I know. Your whole book idea is in your head. “I’ve got it all up here” you say.
Writing a book is an organic process. You start with what you know, with what you think your idea is. But along the way as you write and test out your ideas, they change and morph, and it is in the process of actually writing it that you usually FIND the book you set out to write.
There are a number of tools writers use to keep track of the ideas, changes, plans, research, background reading, notes, pieces of dialogue, parts of scenes, flashes of things that occur in the writer’s dreams or daydreams, the eavesdropping in coffee shops or something you heard on the radio.
She says: “Notebooks illuminate the mysterious correspondence between a writer’s particular vision of the world and their narrative art. Gordimer writes of fictional character, ‘Imagined: Yes. Taken from life: yes.’ Notebooks help reveal how this looting of life transpires. All my students have found the practice and study of notebooks revelatory. And because many of them begin notebooks as journals, and aren’t sure how to get started, or why, below follows the more useful advice developed in seminar, inspired by our reading list and the students’ own ideas about how notebooks work best for them.”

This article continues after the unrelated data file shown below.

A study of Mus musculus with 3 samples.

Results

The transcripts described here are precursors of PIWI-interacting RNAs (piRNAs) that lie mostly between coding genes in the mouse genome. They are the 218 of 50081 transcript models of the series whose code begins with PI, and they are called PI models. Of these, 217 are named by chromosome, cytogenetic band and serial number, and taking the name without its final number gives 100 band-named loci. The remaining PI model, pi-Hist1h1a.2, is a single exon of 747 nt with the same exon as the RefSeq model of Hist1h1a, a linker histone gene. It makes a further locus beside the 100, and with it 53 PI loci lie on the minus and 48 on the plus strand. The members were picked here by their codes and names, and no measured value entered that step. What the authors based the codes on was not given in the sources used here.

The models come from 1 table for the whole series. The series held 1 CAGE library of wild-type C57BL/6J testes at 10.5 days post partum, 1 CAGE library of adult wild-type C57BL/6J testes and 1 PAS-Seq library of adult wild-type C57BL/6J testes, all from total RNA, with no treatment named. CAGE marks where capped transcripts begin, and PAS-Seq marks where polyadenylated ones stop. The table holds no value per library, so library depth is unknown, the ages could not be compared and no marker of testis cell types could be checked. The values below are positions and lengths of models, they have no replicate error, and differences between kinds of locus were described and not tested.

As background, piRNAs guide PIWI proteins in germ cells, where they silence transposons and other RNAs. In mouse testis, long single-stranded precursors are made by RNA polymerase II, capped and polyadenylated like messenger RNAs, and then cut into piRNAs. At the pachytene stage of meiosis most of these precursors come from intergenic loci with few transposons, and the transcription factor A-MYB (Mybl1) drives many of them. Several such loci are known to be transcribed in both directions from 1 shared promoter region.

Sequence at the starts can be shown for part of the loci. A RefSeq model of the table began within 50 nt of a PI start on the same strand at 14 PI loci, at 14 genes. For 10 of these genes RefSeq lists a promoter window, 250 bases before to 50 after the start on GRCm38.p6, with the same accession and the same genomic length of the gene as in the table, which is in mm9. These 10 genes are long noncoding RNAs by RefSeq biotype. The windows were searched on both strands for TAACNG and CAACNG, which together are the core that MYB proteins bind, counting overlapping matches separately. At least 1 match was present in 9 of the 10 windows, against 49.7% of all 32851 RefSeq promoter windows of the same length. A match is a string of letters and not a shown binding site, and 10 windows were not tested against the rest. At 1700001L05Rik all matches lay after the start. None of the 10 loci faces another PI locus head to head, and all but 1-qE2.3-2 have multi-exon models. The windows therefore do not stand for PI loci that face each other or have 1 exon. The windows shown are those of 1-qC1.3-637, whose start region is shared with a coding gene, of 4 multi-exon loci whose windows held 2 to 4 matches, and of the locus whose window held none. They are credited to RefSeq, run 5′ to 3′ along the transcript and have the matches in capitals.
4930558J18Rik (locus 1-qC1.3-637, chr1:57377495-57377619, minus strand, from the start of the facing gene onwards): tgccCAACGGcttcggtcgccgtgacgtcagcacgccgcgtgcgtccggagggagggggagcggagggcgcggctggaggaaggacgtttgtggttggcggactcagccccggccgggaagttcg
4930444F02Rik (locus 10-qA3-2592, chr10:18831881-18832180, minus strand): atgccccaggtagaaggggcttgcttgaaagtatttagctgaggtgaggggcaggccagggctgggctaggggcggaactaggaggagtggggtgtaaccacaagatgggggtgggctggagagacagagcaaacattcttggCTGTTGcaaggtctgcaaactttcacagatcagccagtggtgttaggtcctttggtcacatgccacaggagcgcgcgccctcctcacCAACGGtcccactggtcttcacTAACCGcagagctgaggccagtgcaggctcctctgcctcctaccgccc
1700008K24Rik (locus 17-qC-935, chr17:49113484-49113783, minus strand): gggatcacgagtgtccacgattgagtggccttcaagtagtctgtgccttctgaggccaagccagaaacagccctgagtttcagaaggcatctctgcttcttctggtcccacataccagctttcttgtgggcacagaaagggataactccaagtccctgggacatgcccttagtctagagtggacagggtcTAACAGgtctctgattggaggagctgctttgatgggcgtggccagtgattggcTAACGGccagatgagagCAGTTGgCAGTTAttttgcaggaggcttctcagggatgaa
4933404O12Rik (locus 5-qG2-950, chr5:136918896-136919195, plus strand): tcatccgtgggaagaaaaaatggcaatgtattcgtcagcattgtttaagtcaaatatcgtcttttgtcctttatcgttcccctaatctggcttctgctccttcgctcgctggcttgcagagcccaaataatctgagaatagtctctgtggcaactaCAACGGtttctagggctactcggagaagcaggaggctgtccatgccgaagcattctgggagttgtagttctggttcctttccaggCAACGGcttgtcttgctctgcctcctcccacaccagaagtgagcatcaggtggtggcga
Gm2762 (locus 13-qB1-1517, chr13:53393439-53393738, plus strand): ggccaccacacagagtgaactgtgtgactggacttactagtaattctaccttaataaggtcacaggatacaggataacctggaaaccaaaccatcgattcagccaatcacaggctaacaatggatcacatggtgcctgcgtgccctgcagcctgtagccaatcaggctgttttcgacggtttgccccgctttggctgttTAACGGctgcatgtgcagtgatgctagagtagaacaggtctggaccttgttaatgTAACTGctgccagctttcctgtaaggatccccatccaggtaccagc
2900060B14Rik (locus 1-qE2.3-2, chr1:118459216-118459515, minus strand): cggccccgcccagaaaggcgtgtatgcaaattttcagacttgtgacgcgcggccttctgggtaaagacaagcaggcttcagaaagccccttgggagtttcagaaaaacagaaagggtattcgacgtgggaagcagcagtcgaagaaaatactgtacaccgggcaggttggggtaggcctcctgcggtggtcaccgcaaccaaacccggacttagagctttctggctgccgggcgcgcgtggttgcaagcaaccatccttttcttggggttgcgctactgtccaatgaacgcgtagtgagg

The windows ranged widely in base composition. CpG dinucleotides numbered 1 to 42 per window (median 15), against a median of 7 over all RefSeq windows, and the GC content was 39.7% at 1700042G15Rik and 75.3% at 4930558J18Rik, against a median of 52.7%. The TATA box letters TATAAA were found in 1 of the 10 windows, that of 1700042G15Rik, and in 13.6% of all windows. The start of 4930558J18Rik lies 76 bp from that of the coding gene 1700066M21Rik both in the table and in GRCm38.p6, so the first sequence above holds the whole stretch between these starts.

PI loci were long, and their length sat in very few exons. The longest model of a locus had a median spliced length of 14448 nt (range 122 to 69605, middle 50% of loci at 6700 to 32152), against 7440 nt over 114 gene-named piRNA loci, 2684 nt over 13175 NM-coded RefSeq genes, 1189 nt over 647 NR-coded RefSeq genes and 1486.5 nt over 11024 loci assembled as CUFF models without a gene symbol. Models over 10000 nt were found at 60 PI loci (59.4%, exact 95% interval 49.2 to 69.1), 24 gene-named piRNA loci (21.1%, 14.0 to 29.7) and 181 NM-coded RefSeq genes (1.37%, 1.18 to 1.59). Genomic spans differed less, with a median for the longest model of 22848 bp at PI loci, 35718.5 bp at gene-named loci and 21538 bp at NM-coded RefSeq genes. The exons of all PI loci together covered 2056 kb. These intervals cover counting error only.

You can also use Online storyboards or use your wall to create one using large index cards and pins that move around. I am a visual, hands-on person so I need to pin ideas on cards and move them around, stand back, think, walk, come back, move them again.That’s how my ideas build. You have to find what works best for you.
Watch this you Tube video on storyboarding for making videos — it applies to drafting a novel or book trailer as well.
If you have found something helpful to share with other writers, tell us! Here’s to building your book smartly!